Setting environment variables in Remix

Learn how to set environment variables in Remix and how to ensure that they are available in the client-side code.

·3 min read
Cover Image for Setting environment variables in Remix

When trying out Remix for the first time, you might have noticed that the process.env object is empty. This is because Remix, unlike Next.js, doesn't support loading environment variables in your client-side bundles, and that's by design.

In this tutorial, we'll learn how to set environment variables in Remix, similar to how Next.js works.

Does Remix support environment variables?

Yes and no.

During development, Remix will load environment variables from a .env file at the root of your project, but it will be ignored when you build your app for production. Again, it's not a bug or a missing feature, it's a design decision.

The Remix team suggests not committing this file to your repository, and instead using a .env.example file to show other developers what environment variables are required.

To inject environment variables into your app in production, the recommendation is to solely use the provider of your choice, rather than file-based configuration. For example, if you're using Vercel, you can use their Environment Variables feature.

Exposing environment variables to the client in Remix

When you run remix dev, Remix will load the environment variables from .env and make them available in process.env in your code.

Unlike Next.js, Remix doesn't expose these variables to the client-side bundle in any situation. So, if you want to use environment variables in your client-side code, w'll need to manually expose them to the client by adding them as a global variable using the root layout.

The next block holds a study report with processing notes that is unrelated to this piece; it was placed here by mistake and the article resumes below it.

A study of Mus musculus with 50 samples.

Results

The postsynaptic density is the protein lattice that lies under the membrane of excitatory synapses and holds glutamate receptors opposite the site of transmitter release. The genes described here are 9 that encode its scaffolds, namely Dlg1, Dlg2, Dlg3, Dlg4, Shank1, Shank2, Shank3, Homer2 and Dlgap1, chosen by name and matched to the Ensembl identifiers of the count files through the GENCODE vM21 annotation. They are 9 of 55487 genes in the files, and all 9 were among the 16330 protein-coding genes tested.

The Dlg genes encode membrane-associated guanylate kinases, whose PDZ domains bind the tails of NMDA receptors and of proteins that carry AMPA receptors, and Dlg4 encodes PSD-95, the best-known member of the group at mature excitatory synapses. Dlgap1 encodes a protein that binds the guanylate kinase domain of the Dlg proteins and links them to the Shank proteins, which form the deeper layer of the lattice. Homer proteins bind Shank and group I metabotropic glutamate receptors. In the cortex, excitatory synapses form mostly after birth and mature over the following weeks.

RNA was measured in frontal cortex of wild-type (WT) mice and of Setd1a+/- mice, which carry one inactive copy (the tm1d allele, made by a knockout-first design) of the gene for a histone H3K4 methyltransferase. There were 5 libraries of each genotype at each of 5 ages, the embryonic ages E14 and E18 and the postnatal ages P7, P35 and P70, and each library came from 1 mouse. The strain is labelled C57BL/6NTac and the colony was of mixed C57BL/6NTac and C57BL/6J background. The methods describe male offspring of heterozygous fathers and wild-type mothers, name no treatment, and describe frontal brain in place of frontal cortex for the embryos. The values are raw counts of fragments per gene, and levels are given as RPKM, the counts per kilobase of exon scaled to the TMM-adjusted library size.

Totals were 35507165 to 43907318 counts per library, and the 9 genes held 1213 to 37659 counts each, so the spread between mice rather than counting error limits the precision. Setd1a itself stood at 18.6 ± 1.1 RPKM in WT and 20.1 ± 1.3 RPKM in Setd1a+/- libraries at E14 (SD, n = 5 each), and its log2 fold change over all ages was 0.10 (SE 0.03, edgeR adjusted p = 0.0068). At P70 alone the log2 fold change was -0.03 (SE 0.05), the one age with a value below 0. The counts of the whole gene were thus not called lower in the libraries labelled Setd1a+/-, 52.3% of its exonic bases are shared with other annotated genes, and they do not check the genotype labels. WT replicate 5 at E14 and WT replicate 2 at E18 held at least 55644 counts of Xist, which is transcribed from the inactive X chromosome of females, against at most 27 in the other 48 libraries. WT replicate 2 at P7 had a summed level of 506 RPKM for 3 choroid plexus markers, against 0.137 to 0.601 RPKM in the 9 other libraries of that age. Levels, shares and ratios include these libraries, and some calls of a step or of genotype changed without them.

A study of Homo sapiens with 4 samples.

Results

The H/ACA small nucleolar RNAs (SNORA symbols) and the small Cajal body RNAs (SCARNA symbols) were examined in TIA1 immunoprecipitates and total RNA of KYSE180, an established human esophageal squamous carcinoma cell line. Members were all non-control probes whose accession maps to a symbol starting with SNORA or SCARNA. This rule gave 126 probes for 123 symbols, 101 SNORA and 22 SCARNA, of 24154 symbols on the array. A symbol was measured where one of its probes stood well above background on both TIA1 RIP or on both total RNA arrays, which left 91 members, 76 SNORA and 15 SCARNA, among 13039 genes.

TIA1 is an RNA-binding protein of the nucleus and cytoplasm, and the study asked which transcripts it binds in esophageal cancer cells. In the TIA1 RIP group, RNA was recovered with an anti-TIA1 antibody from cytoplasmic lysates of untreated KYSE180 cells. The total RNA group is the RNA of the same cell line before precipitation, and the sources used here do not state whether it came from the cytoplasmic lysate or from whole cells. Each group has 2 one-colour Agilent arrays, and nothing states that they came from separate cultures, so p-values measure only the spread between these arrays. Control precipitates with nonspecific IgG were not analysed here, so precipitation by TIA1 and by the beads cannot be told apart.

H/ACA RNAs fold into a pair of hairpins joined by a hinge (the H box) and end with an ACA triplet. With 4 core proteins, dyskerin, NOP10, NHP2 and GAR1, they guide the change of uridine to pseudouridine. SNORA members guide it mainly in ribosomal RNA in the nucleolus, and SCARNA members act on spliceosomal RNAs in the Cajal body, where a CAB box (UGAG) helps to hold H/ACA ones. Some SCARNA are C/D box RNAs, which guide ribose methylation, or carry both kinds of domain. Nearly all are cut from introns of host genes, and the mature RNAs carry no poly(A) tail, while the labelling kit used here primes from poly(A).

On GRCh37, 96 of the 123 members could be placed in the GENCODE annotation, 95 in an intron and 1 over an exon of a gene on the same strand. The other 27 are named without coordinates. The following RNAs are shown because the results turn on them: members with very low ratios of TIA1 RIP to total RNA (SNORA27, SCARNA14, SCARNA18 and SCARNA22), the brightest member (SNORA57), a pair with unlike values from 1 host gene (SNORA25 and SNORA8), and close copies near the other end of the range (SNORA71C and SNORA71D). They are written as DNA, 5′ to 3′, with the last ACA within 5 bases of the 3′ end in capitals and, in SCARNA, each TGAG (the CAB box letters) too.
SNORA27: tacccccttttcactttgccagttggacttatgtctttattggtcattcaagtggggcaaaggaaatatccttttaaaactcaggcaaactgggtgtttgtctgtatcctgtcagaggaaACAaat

Collecting the environment variables that need to be exposed

Of course, you should never expose all of your environment variables to the client. Instead, you should only expose the ones that you need to use in your client-side code. For example, if you're using a third-party API that requires a public API key, you should expose that key to the client.

For example, we can create a getBrowserEnvironment function that returns an object with the environment variables that we want to expose to the client.

function getBrowserEnvironment() {
  const env = process.env;

  return {
    SITE_URL: env.SITE_URL,
    DEFAULT_LOCALE: env.DEFAULT_LOCALE,
    NODE_ENV: env.NODE_ENV,
    SENTRY_DSN: env.SENTRY_DSN,
    SUPABASE_URL: env.SUPABASE_URL,
    SUPABASE_ANON_KEY: env.SUPABASE_ANON_KEY,
  };
}

In the same file, we can add a script tag to the head of the document that will expose the environment variables to the client.

<script
  dangerouslySetInnerHTML={{
    __html: `window.ENV = ${JSON.stringify(data.ENV)}`,
  }}
/>

Thus, we can access the environment variables in the client-side code using window.ENV.

Now, we can create an isomorphic function (i.e. that works on both the client and server) we name getEnv that will return the environment variables.

function isBrowser() {
  return typeof window !== 'undefined';
}

function getEnv() {
  return isBrowser() ? window.ENV : process.env;
}

export default getEnv;

When you need to access the environment variables in your client-side code, you can import the getEnv function and use it to access the environment variables.

import getEnv from '../get-env';

const env = getEnv();

function Seo() {
  return (
    <>
      <meta name="og:url" content={env.SITE_URL} />
    </>
  );
}

Conclusion

In this tutorial, we learned how to set environment variables in Remix, and how to ensure that they're available in the client-side code. We also learned how to create an isomorphic function that will return the environment variables, regardless of whether it's being called on the client or server. This can be useful if you want to use a unified API for accessing environment variables in your code.

If you have any questions or feedback, please reach out! I'm always happy to help.